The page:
Christmas Around the World

Wonder • The Journal • December 2020

As we hunker down into mid-winter to our homes and hearths at the centre of our Christmas, we might take for granted the holly and mistletoe decking the hallway, the tree set for presents and our cars readying for journeys across the country. Not for everyone, though, this very British way of celebrating Christmas. Around the world there are many wacky and wonderful ways of honouring the season.

In Venezuela, in the week leading up to Christmas people attend a daily church service called Misa de Aguinaldo (early morning Mass). There is a twist here, though. In the capital, Caracas, roads are closed off to all traffic except those on tiny wheels. It is customary for people to strap on roller skates and glide their way to the early morning Mass every day from 16th to the 24th. On their way, skaters tug on the ends of long pieces of string that dangle out of house windows, a tradition remaining from a time when the other end of the string was attached to children’s toes, so they would know when to wake up in the morning!

person jumping in roller skates

In the Ukraine, Christmas is celebrated on the 7th January because they use the old 'Julian' calendar for their church festivals. The main Christmas meal, called 'Sviata Vecheria' (or Holy Supper) is eaten on their Christmas Eve on 6th January. The most unusual element of their Christmas is how they decorate their trees. In addition to fairy lights and baubles, they like to place an artificial spider and web on the tree as well. Known as pavuchky, literally ‘little spiders’, the tiny decorations are usually made of paper and wire. The tradition has its origins in an old tale of a poor woman who couldn't afford to decorate her tree and woke on Christmas morning to discover a spider had covered it in a glorious, sparkling web. It spells good luck for the family and some say the tradition of using tinsel has come from this.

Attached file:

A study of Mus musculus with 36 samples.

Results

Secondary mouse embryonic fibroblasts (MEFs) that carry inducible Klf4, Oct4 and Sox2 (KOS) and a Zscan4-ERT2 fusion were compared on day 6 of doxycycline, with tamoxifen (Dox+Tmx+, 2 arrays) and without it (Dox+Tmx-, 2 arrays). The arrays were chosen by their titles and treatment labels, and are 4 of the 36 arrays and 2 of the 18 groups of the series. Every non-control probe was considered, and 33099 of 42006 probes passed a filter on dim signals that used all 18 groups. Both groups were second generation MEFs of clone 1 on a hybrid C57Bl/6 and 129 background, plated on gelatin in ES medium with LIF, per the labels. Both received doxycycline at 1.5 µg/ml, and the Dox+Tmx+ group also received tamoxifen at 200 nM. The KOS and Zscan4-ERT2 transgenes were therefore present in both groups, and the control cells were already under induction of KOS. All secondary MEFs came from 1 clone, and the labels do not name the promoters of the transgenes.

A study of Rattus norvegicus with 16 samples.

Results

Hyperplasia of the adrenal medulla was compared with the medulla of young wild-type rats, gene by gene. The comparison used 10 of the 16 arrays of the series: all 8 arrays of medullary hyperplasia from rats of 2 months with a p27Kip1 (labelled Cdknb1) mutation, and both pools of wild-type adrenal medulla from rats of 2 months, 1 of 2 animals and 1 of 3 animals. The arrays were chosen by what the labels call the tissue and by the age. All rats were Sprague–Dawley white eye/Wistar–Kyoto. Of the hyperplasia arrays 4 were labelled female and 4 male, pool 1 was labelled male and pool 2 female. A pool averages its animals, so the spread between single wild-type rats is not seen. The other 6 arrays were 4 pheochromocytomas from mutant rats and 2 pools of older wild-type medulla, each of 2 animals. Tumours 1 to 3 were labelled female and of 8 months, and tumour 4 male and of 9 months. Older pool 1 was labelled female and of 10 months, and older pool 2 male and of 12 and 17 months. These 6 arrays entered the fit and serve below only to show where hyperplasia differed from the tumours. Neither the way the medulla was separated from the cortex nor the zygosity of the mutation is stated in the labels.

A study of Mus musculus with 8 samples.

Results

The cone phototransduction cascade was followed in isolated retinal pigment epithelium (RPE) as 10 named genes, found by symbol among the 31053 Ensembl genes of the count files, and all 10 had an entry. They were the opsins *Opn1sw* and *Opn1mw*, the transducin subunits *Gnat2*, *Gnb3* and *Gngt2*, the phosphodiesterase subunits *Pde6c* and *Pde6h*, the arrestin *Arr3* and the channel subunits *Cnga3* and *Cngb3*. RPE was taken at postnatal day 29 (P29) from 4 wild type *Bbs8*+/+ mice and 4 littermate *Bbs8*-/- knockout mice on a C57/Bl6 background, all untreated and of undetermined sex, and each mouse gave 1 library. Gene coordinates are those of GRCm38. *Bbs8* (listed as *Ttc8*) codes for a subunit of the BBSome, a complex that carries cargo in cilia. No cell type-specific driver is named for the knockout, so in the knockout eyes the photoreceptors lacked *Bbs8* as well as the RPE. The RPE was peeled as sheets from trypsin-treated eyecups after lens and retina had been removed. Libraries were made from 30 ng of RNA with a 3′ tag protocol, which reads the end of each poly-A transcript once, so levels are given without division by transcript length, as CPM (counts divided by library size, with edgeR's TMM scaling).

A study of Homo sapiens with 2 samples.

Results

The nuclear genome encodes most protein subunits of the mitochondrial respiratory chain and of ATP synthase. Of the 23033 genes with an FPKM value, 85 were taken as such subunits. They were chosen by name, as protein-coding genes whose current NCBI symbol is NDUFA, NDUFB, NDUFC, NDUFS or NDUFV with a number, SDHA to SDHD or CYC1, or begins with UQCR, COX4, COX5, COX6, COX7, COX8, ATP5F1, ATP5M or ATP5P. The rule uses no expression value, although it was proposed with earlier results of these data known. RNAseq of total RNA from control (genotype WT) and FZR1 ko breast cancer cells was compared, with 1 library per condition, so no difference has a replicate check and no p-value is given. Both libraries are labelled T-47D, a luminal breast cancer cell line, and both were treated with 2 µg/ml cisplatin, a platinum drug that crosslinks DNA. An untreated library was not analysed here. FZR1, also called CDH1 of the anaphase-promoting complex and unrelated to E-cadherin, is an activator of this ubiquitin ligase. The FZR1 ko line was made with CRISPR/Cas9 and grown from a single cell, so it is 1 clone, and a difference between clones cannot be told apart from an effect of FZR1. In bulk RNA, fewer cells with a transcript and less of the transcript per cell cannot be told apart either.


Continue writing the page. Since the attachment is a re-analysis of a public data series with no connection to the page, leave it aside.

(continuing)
spider web

In Mexico, in the run up to Christmas, children perform the ‘posadas’ – a series of nine processions to re-enact the part of the Christmas story of Joseph and Mary searching for an inn. On the final night of the posadas, a Church service is held featuring food, games and fireworks. The ultimate game is the smashing of a pinata – a decorated clay or papier-mache container filled with sweets and hung from the ceiling or a branch. To play, children are blind-folded and take turns hitting the pinata with a stick until it breaks open spilling its contents (usually sweets or other treats) onto the floor. 


The hunt for the Christmas pickle is not a reference to looking for the Branston! In the USA, it’s something of a tradition. In parts of the Midwest, it is common to hide a glass pickle-shaped ornament among the decorations on the tree. The children search for it and the first to spot it will have good luck for the rest of the year. Some say that this custom was brought to the States by German immigrants, with many even calling it by the German name, weihnachtsgurke. However, it is almost unheard of in Germany. One theory suggests the German link was invented by 19th-century department stores to sell more glass baubles.

christmas baubles in market

Whatever your traditions, we wish you the merriest of Christmases.